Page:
That’s what Tahu Loper reckons he brings to his role at Kidsfirst Rutland Street. It’s a job he absolutely loves.
“I love being able to discover things you’ve forgotten about being a child. I love being able to take my shoes off on a hot summer’s day and walk through the sandpit. Every day is different.”
Tahu came to early childhood teaching after he was recruited by a teacher at his son’s pre-school, Te Waka Huruhurumanu ki Otautahi Bilingual Centre.
“I thought, ‘I’m not too bad at this’, so I did a Centre-Based Diploma course, doing the practical and theory at the same time, which suited me really well,” Tahu says.
He applied for a job at Kidsfirst Rutland Street in 2007, treating it as practice for his CV, because he knew it was a sought-after place to work. So he was surprised - and thrilled - to get the job.
“I really like the kindy system, it gives you more time to teach, and less time spent on managing behaviour, because the children want to be there, rather than having to be there. And kindergarten teaching is so well regarded as a profession, by parents and those in the wider community.”
“There’s a set pathway of advancement and then there are the holidays – with a wife who is a teacher, and two young children it works really well for me to have time with my family in the school holidays.”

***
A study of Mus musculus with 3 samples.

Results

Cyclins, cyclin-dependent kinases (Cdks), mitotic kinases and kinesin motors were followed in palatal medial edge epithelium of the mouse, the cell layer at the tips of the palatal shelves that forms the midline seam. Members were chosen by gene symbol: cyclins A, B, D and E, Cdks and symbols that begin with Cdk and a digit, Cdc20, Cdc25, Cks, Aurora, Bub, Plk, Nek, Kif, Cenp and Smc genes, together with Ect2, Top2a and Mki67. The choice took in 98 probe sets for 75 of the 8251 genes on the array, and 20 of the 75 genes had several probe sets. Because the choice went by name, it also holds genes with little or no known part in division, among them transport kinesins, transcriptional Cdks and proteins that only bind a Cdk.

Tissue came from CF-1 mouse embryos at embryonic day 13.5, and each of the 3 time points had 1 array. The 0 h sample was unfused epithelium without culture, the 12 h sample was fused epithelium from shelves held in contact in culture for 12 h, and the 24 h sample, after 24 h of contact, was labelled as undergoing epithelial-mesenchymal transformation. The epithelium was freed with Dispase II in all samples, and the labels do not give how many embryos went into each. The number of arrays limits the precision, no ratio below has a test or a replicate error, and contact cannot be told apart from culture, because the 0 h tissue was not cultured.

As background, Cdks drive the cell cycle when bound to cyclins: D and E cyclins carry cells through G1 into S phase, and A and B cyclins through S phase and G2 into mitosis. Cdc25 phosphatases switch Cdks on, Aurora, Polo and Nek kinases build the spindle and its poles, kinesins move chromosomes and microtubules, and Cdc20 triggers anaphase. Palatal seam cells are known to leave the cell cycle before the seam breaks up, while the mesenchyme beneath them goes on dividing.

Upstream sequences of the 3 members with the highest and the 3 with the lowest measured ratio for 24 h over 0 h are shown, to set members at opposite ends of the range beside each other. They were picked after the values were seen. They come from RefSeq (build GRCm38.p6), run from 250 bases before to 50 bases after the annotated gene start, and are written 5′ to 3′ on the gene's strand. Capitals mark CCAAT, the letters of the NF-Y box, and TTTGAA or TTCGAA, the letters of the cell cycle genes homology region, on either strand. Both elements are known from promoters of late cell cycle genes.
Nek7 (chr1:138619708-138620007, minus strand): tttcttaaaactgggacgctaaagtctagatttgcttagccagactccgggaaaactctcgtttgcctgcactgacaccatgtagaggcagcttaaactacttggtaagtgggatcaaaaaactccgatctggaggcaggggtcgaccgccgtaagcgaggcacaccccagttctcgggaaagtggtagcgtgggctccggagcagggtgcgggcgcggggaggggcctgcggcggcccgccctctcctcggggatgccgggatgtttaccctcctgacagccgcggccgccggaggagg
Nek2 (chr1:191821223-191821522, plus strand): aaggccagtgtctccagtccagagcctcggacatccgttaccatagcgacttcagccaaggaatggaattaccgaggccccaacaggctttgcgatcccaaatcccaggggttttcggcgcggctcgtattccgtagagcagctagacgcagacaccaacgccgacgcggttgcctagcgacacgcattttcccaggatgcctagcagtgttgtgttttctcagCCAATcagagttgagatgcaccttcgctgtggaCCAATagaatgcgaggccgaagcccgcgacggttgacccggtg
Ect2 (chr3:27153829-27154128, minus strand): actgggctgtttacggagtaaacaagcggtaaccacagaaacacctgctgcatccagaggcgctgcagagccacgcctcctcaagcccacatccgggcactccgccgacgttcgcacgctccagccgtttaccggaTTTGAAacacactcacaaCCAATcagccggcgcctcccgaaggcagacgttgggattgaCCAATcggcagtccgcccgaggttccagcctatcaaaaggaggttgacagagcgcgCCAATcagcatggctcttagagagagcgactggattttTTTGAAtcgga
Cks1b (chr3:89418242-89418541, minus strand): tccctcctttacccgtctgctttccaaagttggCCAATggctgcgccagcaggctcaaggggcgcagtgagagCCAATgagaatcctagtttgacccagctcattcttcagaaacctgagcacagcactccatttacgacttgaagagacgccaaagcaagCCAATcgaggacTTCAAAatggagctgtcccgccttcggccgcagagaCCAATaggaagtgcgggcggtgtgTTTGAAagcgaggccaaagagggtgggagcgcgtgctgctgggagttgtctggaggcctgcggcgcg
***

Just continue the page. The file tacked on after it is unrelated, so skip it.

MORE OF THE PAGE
He’s really appreciated the support from other men working in Kidsfirst kindergartens.
“We get together once a term or so, it’s great to be able to talk freely and share similar experiences, and how we all approach things.”
And he’s been able to put life skills and experiences to good use in the kindergarten setting.
“I’ve worked in heaps of different jobs, from a postman to a builder’s labourer, so I’m used to dealing with lots of different situations and people. People skills are essential in teaching – you need to be able to relate to the children, but also parents and your teaching team.”
He’s been further buoyed after taking a year out in 2011 to undertake a second language acquisition course, with the help of a Ministry of Education grant.
“It was total immersion Maori, so as well as learning Te Reo I got used to breaking language down to its simplest form. That’s been great for my communication skills – whether writing learning stories, or describing things to children, it’s good not to overthink things too much.”
For Tahu, kindergarten teaching is a hugely satisfying job, with many rewards.
“It rewards you when you are observing a child and your observations and conclusions are close to the mark, and it’s cool when you meet a kindy kid out and about and they still remember you from years ago. You know you are making a small difference in people’s lives.”